Jesus undoes false-life, half-life and death. He is the Light that eliminates the darkness and the Optician in whom all veils are removed.

Thomas Torrance writes, “God mediates his revelation to human beings in such a way that he accommodates his self-revealing to human knowing and adapts human knowing to receive and apprehend what he reveals in ways that are appropriate to it.” (1) This happens as a result of Christ’s direct mediated presence by the Spirit in us. ‘Only the Son knows the Father and only the Father knows the Son.’ When we choose to know God without impediments from received beliefs and loyalties we grow in knowing Him in Christ in the kind of knowing cited here. Imparted to ourselves is the knowing of God of Godself.


The inevitable result of a law based theology is a sin based emphasis. The effect of a ‘sin emphasis’ is to be obsessed with ourselves and the judgment of others. We develop a body of knowledge shaped by the epistemology of the knowledge of good and evil. It’s innately compartmentalised, contradictory and dualistic. The ultimate dualism is to posit a great controversy between Christ and Satan with it’s clear similarity to Zoroastrianism. Although it may appear religious and orthodox it still a construct of the knowledge of good and evil. Gregory Boyd recognises this in his book, ‘Repenting of Religion’ where he states that Christianity of the moralistic kind is a Christian version of the knowledge of good and evil.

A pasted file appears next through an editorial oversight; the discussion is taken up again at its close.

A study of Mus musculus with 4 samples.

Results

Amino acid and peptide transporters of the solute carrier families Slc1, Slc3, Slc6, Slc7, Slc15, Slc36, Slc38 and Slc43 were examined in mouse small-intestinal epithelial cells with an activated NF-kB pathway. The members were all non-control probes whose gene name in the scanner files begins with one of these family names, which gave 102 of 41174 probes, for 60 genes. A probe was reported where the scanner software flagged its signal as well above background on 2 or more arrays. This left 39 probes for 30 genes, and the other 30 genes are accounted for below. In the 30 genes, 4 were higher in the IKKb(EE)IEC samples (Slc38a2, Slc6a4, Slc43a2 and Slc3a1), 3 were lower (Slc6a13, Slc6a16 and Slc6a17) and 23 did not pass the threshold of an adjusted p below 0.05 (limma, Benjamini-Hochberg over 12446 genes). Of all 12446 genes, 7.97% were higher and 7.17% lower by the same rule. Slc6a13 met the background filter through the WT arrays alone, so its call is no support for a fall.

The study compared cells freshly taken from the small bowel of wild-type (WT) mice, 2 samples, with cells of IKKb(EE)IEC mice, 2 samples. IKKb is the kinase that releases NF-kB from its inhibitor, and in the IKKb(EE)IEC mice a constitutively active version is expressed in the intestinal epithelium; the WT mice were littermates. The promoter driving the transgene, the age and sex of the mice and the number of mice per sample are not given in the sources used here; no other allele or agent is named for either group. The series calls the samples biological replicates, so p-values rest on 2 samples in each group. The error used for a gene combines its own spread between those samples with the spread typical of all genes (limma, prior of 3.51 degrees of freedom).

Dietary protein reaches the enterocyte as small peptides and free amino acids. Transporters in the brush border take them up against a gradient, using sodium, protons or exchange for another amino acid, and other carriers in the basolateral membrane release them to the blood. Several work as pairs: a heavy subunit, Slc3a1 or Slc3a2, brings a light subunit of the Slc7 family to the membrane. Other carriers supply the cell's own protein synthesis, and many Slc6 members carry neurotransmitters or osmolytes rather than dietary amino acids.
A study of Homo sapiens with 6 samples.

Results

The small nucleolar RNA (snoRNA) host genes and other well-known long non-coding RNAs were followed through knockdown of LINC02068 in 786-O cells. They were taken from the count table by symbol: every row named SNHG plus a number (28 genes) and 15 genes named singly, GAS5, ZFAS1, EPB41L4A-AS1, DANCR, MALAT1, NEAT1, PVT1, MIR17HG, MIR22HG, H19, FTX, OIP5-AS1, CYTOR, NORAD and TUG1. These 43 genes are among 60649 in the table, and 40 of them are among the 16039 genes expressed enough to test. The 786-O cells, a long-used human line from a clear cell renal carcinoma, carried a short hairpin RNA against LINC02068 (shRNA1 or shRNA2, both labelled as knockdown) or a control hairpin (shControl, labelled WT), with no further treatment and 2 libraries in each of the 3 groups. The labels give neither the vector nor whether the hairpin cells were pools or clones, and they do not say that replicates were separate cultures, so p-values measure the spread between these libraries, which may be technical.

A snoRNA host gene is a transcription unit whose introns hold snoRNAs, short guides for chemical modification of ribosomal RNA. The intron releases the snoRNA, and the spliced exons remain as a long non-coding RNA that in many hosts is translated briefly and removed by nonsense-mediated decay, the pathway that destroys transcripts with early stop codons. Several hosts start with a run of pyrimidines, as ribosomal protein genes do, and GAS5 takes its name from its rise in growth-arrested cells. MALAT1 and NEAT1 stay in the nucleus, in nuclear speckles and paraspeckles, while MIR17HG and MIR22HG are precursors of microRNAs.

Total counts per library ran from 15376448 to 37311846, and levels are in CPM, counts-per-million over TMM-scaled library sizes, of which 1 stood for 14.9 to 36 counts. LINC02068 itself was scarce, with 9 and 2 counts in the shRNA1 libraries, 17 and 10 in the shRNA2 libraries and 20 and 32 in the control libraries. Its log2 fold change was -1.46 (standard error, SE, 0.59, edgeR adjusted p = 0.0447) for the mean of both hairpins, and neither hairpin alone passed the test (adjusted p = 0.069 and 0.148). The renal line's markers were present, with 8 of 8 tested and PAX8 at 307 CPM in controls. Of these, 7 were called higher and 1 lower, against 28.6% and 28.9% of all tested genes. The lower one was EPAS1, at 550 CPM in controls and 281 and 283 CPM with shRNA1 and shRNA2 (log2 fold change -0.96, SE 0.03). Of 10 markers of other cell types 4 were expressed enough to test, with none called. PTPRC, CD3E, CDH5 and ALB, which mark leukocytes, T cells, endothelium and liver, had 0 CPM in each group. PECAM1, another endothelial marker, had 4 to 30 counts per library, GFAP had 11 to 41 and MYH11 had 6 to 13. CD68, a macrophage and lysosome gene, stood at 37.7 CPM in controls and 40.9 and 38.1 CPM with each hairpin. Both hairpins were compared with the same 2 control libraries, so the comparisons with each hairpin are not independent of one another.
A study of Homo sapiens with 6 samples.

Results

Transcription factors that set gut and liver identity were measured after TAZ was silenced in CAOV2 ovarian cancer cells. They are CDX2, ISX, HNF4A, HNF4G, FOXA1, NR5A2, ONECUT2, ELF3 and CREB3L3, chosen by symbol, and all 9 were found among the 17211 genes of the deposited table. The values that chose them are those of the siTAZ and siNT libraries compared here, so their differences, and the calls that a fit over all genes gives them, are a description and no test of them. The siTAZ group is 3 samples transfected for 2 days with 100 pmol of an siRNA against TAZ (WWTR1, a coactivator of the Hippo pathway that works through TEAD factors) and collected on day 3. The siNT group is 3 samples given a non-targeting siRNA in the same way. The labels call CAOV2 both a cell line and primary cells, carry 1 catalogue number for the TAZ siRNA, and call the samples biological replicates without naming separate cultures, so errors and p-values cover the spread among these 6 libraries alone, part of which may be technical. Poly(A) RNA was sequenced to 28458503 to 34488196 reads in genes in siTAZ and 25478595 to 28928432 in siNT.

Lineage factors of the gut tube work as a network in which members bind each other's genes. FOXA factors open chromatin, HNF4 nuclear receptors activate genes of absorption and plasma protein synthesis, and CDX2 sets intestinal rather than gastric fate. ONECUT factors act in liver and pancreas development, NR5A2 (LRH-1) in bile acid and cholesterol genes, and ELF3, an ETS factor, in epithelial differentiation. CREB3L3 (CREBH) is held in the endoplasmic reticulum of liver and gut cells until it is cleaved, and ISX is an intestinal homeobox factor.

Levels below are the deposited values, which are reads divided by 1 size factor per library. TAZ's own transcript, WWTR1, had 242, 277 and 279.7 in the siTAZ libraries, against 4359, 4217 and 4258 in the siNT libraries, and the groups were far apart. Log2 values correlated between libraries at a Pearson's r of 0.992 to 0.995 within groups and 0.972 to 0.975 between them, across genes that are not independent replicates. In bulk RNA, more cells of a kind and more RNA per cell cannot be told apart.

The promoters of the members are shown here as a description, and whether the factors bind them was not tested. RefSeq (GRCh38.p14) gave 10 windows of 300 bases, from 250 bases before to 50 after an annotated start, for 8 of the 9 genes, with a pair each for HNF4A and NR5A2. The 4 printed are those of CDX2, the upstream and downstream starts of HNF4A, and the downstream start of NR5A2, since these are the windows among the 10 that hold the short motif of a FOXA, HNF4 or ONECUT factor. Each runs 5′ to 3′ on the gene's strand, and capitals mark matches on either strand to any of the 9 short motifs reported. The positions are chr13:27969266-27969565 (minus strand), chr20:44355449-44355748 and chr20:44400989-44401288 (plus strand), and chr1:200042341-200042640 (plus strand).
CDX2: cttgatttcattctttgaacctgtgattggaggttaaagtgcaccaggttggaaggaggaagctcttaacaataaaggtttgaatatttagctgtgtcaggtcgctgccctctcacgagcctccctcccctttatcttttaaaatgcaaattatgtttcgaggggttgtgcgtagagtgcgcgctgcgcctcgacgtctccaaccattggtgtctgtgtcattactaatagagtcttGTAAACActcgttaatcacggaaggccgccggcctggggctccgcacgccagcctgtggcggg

As has been argued here before, religion is not necessarily God. God is God and God lives in us, if we are not so dull as to resist this simplicity and efficacy. When we receive this incarnation we become sufficiently discerning to separate the letter from the Divine Word. He is the ‘word’ who cuts through soul and spirit. This is the difference between the letter and the living word who is Christ.


As proponents of the law, we instinctively make ourselves the arbiters of righteousness because the application of ‘laws’ remains with us. In this vein, Stephen Morrison observes that, “When we ourselves are the standard of measurement placed before God—when we imagine that whatever we deem pure stands up to what God deems pure—we only deceive ourselves. God stands as this “great but” in stark contradiction against our attempt to know God apart from the grace of Jesus Christ, to approach God’s unapproachable light apart from God illuminating the darkness of our fallen mind.” (1) This is why we may see ourselves as commandment keepers yet remain fundamentally crippled people.


God is known as God is in Jesus Christ. This is to say in Jesus who is the Christ of God and not a self-conjured up or denominationally created christ. To be received into Christ and agree that we are so received to live in Him, is to live in His revelation of Himself, of Father and of you – by which we mean that not only are we nurtured in sonship in Father’s presence but we are instructed and marinated in the reality of Christ – which is to say we come to know Christ as Christ is. Not the Christ we have made Him or had him made for us by false prophets and false gospels. Christ is the I AM of Himself and in Him you become the I am of you – which is to be a son/daughter of God.

(1) Thomas Torrance, The Mediation of Christ.

(1) Morrison, Stephen D.. Karl Barth in Plain English (Plain English Series Book 1) (p. 24). Beloved Publishing. Kindle Edition.